One of the most advanced and critical space systems is ready-for-launch

The Proton rocket launches on July 21 from Baikonur with direction towards the international space station, ISS. On board is the new robotic arm in which Terma has been deeply involved.

Image courtesy ESA

Lystrup, July 19 2021 - The people in the Space department at Terma follow anxiously when the Proton rocket launches on July 21 from Baikonur with direction towards the international space station, ISS. On board is the new robotic arm in which the Danish company has been deeply involved.

When the Russian Proton rocket sets its course on July 21 towards the international space station, ISS, it is, from a Danish perspective, with a very special cargo on board: a new robotic arm.

“Even though there has over time been many rocket launches, space travel will never become routine – even for us who have worked within this area for many years”, says Carsten Jørgensen, Senior Vice President and Director of the Terma Space division.

He and his colleagues have during the last 20 years been involved in design and development of the new robotic arm, also known as “European Robotic Arm” or ERA, which will now be send to the space station. Here it will be used to complete the space station and among other things handle some of the larger construction panels, replace spare parts, and inspect the surface of the space station.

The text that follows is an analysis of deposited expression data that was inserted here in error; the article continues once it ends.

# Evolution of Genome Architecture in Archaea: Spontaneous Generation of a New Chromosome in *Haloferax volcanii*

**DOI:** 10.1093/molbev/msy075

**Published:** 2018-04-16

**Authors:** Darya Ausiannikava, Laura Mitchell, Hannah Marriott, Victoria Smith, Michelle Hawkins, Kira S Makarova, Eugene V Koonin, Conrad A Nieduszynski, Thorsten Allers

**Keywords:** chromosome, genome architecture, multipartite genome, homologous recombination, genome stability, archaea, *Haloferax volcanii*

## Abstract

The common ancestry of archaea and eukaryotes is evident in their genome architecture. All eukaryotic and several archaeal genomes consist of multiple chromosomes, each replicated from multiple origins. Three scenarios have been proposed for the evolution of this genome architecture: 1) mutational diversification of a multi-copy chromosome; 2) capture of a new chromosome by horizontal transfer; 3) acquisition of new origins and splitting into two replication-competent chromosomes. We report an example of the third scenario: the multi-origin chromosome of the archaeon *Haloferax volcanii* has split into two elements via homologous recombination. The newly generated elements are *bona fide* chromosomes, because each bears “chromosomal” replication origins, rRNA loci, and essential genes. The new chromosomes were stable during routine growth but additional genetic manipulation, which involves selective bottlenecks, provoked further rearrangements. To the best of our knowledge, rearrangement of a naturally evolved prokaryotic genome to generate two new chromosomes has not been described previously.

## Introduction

“When expanding or repairing ISS, very advanced special equipment is used and, in this scenario, the new European robotic arm plays a key role. We have together with talented colleagues from many parts of Europe worked on creating a robotic arm, that functions in extreme environments, as on the space station, and that can handle vital tasks with high accuracy. Even though ERA is 11 meter long and can carry up to eight ton, it can install its cargo with a precision of 5 millimeter. Now we are excited to watch it in action,” explains Carsten Jørgensen.

The team at Terma has among other things had the responsibility of analysis, design, development, and validation of software for the control systems on board ERA. It is the first program that the European Space Agency, ESA, has had developed and classified as security critical. Therefore, high demands for reliability and security are required.

“The control software within ERA will monitor and control the automatic and manual tasks of the robotic arm – from replacement of payload to inspection and repair of the exterior surface of the space station. Therefore, precision and reliability are pivotal,” says Carsten Jørgensen.

Moreover, Terma has been involved in various support functions and will also be present during the launch in Baikonur on Wednesday.

Terma has participated in the development work together with the Dutch Airbus department and the joint European setup.

The broadcast will be on Roscosmos website and ESA will pick up the web stream from Roscosmos and embed it onto the ESA Web TV page. Watch on Wednesday July 21 at 7.58 pm local time.